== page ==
Stupid user tricks

Sometimes, even good policies don't help when your vulnerability is your users

It wasn't exactly the usual scene at the security checkpoint at Washington Dulles International Airport. For one thing, the sparse crowds made the soaring terminal look larger than usual. For another, the Transportation Security Administration staff was being professional and polite. Apparently they were taking their customer-service classes seriously.

One thing that hadn't changed, however, was the wait by the X-ray machine's conveyor belt while a TSA staffer used her wand to detect anything nefarious in our laptop computers. For some reason, alarms never went off over computers containing Microsoft Outlook, despite its hazards.

I was in line with a few other business travelers, waiting for our laptops to be scanned, when I glanced down at the computer belonging to the man following me in line.

It was your usual Dell notebook, but what was remarkable were the notes stuck to the laptop case. On a piece of paper (apparently torn from a yellow legal pad) was the word "Computer:" followed by a name. The paper was taped to the outside of the computer just above another one. That one said "Server:" followed by a different word. A third note said "Dial in:" and included a phone number and a password.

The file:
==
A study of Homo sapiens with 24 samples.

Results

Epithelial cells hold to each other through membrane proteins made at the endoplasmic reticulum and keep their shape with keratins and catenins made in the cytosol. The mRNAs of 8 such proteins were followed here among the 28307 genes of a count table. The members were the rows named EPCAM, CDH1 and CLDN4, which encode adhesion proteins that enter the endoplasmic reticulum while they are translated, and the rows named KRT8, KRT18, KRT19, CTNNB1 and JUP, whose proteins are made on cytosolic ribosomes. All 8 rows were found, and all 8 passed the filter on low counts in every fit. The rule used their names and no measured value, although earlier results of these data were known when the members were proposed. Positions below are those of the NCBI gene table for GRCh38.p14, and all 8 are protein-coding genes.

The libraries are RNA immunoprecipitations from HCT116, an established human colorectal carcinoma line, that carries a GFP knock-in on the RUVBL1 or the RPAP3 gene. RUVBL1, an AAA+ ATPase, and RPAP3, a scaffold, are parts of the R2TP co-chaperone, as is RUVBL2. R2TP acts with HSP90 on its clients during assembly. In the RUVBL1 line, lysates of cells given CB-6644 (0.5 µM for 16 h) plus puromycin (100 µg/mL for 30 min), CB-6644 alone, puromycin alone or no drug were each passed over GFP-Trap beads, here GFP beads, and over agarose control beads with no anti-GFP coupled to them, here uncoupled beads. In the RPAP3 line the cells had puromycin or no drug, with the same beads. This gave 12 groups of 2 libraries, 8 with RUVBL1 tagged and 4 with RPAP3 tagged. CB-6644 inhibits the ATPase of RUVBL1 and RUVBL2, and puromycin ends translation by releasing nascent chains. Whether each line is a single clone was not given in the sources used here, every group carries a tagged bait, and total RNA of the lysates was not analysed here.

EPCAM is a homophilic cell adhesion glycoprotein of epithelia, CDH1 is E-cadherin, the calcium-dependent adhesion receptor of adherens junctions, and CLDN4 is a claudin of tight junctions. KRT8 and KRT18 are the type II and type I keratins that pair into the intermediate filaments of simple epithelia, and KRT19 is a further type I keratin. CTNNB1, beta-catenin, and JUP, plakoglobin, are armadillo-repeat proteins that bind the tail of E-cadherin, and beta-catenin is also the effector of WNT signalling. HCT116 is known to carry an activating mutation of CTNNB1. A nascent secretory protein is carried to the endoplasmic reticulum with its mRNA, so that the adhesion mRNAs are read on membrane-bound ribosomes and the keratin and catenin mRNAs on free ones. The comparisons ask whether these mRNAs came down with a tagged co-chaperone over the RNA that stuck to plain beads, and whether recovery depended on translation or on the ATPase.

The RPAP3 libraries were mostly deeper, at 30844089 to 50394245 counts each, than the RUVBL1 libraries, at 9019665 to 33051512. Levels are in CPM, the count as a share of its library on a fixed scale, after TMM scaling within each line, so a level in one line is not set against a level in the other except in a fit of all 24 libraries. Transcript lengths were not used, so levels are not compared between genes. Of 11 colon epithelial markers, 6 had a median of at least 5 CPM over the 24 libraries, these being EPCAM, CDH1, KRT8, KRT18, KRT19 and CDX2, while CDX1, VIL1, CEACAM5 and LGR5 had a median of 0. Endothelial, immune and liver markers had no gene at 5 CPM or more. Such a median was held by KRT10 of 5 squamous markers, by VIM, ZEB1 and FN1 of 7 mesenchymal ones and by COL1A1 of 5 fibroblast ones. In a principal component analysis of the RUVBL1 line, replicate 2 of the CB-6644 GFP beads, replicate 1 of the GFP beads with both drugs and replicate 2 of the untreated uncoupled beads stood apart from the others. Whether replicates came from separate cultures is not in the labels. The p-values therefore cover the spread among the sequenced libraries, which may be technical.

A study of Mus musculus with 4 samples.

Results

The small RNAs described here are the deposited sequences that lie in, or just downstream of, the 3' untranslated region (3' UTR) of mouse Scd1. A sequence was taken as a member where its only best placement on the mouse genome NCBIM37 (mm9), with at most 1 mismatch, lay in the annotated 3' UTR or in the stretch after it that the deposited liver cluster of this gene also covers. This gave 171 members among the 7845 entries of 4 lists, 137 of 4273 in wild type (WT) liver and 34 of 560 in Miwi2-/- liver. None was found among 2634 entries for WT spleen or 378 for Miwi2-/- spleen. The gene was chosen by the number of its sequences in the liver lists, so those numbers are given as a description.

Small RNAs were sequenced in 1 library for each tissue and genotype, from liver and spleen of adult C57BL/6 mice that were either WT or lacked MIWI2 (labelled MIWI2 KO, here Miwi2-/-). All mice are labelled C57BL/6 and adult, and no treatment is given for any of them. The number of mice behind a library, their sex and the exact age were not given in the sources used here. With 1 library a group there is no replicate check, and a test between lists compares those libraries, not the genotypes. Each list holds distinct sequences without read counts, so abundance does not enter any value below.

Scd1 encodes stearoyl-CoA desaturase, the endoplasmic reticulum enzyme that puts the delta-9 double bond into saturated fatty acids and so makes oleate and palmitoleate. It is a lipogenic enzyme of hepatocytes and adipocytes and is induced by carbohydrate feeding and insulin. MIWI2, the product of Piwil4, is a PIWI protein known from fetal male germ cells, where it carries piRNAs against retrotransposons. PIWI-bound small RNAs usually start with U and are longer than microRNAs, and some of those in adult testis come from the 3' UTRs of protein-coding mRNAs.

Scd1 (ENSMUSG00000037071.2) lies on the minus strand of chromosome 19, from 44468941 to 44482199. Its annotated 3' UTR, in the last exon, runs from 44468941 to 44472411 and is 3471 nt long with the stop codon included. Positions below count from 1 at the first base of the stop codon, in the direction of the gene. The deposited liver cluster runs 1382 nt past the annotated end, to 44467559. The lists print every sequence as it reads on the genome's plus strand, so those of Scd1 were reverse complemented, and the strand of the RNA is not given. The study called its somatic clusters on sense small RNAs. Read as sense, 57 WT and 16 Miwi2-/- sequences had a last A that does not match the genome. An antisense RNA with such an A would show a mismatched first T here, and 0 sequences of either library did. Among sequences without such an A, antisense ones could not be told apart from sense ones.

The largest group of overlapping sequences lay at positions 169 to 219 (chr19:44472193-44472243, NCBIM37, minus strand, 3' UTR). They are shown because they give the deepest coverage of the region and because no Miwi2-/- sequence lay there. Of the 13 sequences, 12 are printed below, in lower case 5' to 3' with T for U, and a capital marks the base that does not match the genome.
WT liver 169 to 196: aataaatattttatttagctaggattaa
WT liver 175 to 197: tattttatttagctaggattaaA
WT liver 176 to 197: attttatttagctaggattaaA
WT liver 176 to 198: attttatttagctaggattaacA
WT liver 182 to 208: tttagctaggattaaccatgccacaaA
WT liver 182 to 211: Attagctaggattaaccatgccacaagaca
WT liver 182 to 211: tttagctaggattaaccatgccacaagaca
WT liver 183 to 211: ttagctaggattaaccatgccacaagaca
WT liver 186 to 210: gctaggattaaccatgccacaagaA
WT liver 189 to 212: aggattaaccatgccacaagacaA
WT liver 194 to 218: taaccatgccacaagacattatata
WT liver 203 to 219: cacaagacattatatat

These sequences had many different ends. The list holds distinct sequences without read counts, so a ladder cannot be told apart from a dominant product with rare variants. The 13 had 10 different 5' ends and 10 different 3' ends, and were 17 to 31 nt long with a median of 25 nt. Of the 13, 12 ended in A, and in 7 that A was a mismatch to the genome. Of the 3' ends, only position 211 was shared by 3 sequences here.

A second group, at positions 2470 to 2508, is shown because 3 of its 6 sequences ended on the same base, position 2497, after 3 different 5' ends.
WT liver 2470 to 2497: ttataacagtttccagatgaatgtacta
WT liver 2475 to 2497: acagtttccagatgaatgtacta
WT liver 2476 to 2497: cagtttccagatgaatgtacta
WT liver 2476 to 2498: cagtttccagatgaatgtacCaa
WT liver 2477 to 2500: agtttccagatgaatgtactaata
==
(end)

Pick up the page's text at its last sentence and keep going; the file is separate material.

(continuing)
I looked at the man who owned the computer. The polyester suit would have given away his status as a federal employee if I hadn't seen his agency security badge hanging around his neck in plain view. He looked at me as we waited. "This security stuff is sure a pain," he said. I thought about agreeing, but I wasn't sure whether he was referring to the wait by the X-ray machine or the requirement that he remember passwords.

A few weeks earlier I had stopped in at the Red Carpet Club to check e-mail before a trip to Las Vegas. On the desk I saw a piece of hotel stationery. Written on it were complete, detailed log-in instructions — including phone numbers, passwords, prompts to expect, and even the name of the directory that the note's author was supposed to access. I briefly thought about calling the company involved, but I only had a few minutes, so I tore up the note and tossed the remains.

Two incidents, two significant breaches of computer security, one International airport. I wondered how often such information fell into the hands of the wrong person.

I realize there's little that can be done to prevent all security leaks such as these, especially when the common variable is user stupidity. You can reduce the exposure, however. Actively check computers in your company for things such as notes with passwords. Take action when you find breaches, either by educating the employee in question, or if necessary, eliminating his or her access to sensitive data.

But most of all, pay attention to what those users are doing. Most of them have exhibited carelessness in the past and all you need to do to prevent it is know about it.